The winds of change...
I am not a big fan of change. At least not of change that I have no control over, or can't really plan for.
You see, I am a planner. By nature, by training and by (former) profession. That's just who I am - I plan.
I can handle the things that life throws at me, as long as I have enough notice to consider and weigh all of my options and decide how I want to handle it.
Unfortunately, as we all know, life doesn't always work like this. There are times when you simply can't plan ahead.
For the past several months, I have known that change is coming here at work. That much is a given. My company's contract will end in June, and unlike the past 20 years that we have been the staff for the IT department here, this year the process was made competitive and thrown open to the public.
I pegged the chances of my company winning the contract in a competitive bid as 'slim to none'. And when I heard that no less than 8 bids were received, then I knew what would happen.
And it did. Another company has been awarded the contract.
So now, the waiting game - which was theoretical before but now is assured, begins. Nobody knows exactly what this means for us 30+ employees. The company we work for has no other contracts in our state, much less our city. We don't know if we'll be offered the chance to move to other positions within the company in other locations, but 6 people have already been laid off, so the chances for that are probably not great. We don't know if the new company will be looking to hire any of the current employees. It would make sense for them to - some of us have been here for years and know the ins and outs very well. We know the systems, the software and the people who use them. But we can't count on our skill sets and experiences being what the new company will need and want.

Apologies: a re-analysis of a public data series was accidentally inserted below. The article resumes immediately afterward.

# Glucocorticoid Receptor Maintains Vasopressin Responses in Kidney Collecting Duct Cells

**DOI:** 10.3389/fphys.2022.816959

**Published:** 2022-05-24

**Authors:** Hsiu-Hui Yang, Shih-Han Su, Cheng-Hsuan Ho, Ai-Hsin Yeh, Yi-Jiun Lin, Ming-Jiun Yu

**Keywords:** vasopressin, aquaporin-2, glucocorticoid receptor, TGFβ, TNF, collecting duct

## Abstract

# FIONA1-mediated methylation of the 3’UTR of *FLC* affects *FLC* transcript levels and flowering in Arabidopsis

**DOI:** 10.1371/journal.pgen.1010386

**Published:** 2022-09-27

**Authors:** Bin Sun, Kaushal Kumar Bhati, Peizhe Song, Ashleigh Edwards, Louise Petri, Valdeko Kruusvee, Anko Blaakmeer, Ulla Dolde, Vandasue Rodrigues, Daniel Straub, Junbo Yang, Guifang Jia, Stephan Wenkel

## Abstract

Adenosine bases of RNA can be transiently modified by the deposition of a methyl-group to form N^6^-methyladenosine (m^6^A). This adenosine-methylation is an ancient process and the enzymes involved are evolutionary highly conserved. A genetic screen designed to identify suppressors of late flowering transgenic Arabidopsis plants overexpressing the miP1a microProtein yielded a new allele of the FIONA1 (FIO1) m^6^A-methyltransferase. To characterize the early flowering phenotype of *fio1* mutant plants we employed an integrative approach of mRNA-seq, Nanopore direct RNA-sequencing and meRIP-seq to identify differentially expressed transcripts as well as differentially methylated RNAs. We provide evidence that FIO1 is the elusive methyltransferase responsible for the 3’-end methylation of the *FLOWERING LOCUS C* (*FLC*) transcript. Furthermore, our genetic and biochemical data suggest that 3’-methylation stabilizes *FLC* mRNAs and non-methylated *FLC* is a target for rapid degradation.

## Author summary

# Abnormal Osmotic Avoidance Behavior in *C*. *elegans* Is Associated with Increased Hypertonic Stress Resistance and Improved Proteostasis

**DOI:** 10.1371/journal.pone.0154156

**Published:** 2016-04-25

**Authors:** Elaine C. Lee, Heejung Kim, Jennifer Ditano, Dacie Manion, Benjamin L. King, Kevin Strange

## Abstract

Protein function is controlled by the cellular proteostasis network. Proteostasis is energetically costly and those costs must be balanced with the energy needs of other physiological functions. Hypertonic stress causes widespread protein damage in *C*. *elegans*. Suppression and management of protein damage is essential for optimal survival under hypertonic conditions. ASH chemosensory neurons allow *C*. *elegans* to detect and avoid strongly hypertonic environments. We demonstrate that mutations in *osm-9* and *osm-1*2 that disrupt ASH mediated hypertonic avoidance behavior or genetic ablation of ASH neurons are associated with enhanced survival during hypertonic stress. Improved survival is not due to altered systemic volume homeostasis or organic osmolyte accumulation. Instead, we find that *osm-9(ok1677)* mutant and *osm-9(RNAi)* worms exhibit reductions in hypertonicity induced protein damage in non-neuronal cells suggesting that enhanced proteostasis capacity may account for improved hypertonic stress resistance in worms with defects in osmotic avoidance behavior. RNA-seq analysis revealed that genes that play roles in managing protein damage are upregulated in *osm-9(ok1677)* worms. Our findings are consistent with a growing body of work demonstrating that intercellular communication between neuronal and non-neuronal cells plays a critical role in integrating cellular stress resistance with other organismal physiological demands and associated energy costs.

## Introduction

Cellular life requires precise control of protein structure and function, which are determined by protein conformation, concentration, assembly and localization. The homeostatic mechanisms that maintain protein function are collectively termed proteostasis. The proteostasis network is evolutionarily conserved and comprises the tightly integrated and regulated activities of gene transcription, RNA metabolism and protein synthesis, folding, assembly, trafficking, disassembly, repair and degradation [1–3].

Most of my co-workers are actively searching for other jobs. Some have already found them and moved on. The mood in the department has been quite grim for months as projects have been put on hold indefinitely or canceled altogether.
Here in Michigan, we are no strangers to economic hardship. Most of us know someone directly affected by the manufacturing woes which have resulted in the largest unemployment rate in the country. We see the growing lists of foreclosed-upon homes, the food pantry shelves going bare and unable to keep up with the community's needs, and the news stories about unemployed workers unable to keep up with utility bills, car payments, etc. We know what the job market here is like, the strong competition for even entry-level positions. We know. And we are scared.